Officials in Washington State are begging residents to use extreme caution if their plans include swimming during this weekend’s heat spike.

Despite temperatures that are expected to range about 10-15 degrees higher than typical for this time of year, water temperatures will still be very cold, making hypothermia a real risk. Hypothermia becomes a risk when the water is 70 degrees or cooler.

“After a cool and wet spring, most of the population has little to no acclimation to heat and therefore could be caught off guard by the rapid warm-up,” noted the National Weather Service’s Seattle office in an advisory released on June 22.

The advisory also noted the elevated risk of a “significant increase in cold and high water-related incidents” over the weekend. That is partially due to mountain runoff of winter snow into lakes, rivers and creeks.

Swimming in the Pacific Ocean will also be a cold and risky endeavor. In Pacific County, in particular, home of the longest contiguous peninsula beach in the world and popular tourist destination Long Beach, officials are pleading with the public to avoid the water.

“The water may look inviting, you may think nothing will happen to you, but PLEASE, STAY OUT OF THE WATER,” stated Scott McDougal, director of the Pacific County Emergency Management Agency, in a statement on Wednesday.

McDougal added that “the Pacific Ocean in our county is not a safe place to swim” and noted that people are rescued or die from rip currents every year.

Temperatures will peak on Sunday around the Olympia-Tacoma region, rising from around 85 degrees on Saturday or 89 degrees on Sunday. It’s during this period of time that cold-water incidents can be most prevalent, as people escape the heat of the day into the cold waters around Puget Sound.

The National Weather Service is predicting above-average temperatures around much of Puget Sound this weekend.

Much of the region is in the orange category of heat risk, meaning there is a moderate risk for those who are sensitive to heat, especially without adequate cooling or hydration.

The Weather Service recommends that those who are sensitive to heat avoid being outdoors between 10 a.m. and 4 p.m. and eating and dressing lightly.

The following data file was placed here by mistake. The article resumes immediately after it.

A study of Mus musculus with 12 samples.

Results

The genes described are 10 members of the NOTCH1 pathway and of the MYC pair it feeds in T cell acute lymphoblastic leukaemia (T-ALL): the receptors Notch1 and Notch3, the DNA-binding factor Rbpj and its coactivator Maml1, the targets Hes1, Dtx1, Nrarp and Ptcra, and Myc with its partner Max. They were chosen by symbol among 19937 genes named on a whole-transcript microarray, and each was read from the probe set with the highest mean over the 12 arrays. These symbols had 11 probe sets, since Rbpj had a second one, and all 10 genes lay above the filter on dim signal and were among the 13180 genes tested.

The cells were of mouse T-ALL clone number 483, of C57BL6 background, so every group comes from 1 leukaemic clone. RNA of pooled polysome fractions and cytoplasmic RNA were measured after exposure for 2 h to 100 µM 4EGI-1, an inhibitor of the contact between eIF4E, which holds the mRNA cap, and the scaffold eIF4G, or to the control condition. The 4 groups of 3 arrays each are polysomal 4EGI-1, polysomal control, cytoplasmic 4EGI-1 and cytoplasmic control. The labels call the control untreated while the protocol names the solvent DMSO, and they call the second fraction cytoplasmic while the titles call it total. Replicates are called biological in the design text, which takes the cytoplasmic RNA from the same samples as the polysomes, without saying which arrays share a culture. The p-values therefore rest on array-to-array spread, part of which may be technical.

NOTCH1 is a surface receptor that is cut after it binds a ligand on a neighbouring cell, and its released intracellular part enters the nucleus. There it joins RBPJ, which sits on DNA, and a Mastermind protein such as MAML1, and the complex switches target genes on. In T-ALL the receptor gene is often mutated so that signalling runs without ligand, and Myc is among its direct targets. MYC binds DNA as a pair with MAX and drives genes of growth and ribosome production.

The National Weather Service recommends that those who are sensitive to heat to try and stay indoors this weekend as temperatures are 10-15 degrees above normal.

The National Weather Service recommends that those who are sensitive to heat to try and stay indoors this weekend as temperatures are 10-15 degrees above normal.

Risk of hypothermia

There is also the risk of hypothermia this weekend, no matter where you are. Hypothermia is when your body loses heat faster than it can produce it, and it can lead to unconsciousness, hospitalization and death if not treated quickly enough.

Swimming in water that’s too cold isn’t safer if you are near the shore, a boat or a dock. When it comes to hypothermia from swimming in water that is too cold for the human body, experts say there is a 1-10-1 rule: a swimmer has one minute to control their breathing after they go into cold water shock, which happens within three to five minutes. There are then about 10 minutes for self-rescue, and one hour before becoming unconscious due to hypothermia.

There are multiple ways to protect yourself, including always wearing a life jacket. One of the stages of hypothermia known as “swim failure,” happens three to 30 minutes after exposure but before hypothermia begins to set in.

For those planning on a more inland destination or spending time near the water but not in it this weekend, the Washington State Department of Ecology maintains a map of beaches with real-time information about closures by county, or a larger map with a search function for a specific location. The Ecology department also maintains a toxic algae bloom update site with a searchable feature. If you want to find a beach in your county, the state’s beach list can help.

More information about cold water exposure can be found at the National Center for Cold Water Safety.